I am constantly hearing people talk about their injuries and how long they will be unable to perform certain movements according to their health care providers be it their doctor, physiotherapist, chiropractor, etc. You seem to accept these prognoses like there is nothing you can do about it and yet when you are presented with other options that might help them heal faster and return to whatever activity it is you are missing out on, you are resistant or worse yet, you don’t even bother to look for other options because whatever the doctor tells you has to be right, right?
Is it that you don’t believe faster healing is possible? Are you resistant to the idea that anything other than what your health care provider told you is true? Or do you just want a two week or six month break from whatever activity “caused” the injury?
I see people who injured themselves more than a month ago and are still not able to reach full range of motion or perform many activities they would like to be doing because they’ve been told to rest the injury and not move it too much so it can heal.
I’m going to call bullshit on this line of thinking. Movement is key to healing. With the exception of a broken bone, keeping a body part immobilized for extended periods of time only results in more restriction of the soft tissue, more atrophy of the surrounding muscles and decreased circulation to the area, none of which will help heal the injury. Immobility will only make it harder to heal more quickly.
Another factor that affects the speed of healing is finding and treating the restrictions in other areas of the body that helped to contribute to the injury. And there are ALWAYS other areas that contribute. Most people (therapists included) will treat the injured area directly and only after the acute phase is passed.
It is more beneficial to treat an injury in the acute phase with the proper modality. JFB-MFR encourages treatment of most acute injuries to help the body heal faster and more effectively. It can also be very effective for improving or resolving chronic injuries as well. The body is designed to heal itself if we let it. The problem is that we tend to try to do too much to help it by doing the wrong things (ie: heat, ice, immobilization, over-use or improper use of medication).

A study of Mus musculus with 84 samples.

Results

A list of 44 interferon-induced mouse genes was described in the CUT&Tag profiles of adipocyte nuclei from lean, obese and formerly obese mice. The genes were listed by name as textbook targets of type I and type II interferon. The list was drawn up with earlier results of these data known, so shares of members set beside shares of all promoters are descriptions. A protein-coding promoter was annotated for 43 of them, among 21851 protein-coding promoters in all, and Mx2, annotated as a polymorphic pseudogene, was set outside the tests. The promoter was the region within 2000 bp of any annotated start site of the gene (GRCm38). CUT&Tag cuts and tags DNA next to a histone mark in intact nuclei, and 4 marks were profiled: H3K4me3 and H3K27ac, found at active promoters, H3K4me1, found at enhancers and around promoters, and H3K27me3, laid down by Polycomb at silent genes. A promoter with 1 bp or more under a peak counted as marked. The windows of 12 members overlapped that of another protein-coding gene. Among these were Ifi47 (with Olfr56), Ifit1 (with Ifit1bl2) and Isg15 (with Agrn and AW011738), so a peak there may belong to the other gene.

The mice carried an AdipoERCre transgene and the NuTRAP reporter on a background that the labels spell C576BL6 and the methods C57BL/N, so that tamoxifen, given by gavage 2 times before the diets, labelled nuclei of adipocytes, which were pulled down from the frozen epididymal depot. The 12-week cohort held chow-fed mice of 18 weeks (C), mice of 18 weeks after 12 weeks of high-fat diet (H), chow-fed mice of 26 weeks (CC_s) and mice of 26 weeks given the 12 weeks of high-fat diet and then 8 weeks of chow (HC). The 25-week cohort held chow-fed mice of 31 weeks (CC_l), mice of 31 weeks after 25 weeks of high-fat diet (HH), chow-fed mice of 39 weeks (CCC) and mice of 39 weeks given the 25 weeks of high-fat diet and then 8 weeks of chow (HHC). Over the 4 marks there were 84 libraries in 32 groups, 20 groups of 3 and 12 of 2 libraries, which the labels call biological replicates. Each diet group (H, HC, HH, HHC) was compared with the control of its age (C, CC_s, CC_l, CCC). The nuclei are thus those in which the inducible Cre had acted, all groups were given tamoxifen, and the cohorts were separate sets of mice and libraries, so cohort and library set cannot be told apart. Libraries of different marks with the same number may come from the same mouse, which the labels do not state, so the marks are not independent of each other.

Another very important factor in the healing process is to understand and respect the pain signals your body provides. Contrary to popular belief, pain is NOT weakness leaving the body. Pain is an indicator that something is not right, whether it’s from over-use, direct trauma or forcing your body to do something it’s just not prepared to do.
Pain is your body’s way of trying to bring your attention to a problem. It can start off small but if you don’t respect what it’s trying to tell you and address it, it will get worse until a major injury happens that forces you to stop whatever it is you were doing. At that point, you tend to blame whatever movement “caused” the injury and then stop doing that movement for an extended period of time (sometimes never again if the injury is bad enough and doesn’t get to heal properly) until you can do the movement without much pain but with considerably less ease. However if you or your therapist had looked for and treated other areas of your body that are restricted and likely contributed to the injury, or if you had just dealt with the problem when it was small, then you would recover much faster and be less likely to reinjure that area again.
Pain is also helpful to the recovery process because it will tell you when you are doing too much. As I already mentioned, movement is key to recovery but it has to be pain-free movement. If you are forcing your body into a position that sends you a pain signal and you don’t back off, you are NOT helping yourself heal, you are just injuring yourself further and setting back your recovery time.
So if you want to maximize your recovery from an injury or better yet, help prevent the injury in the first place, find yourself a therapist trained in John F Barnes’ Myofascial Release and get back to what you want to be doing a whole lot faster.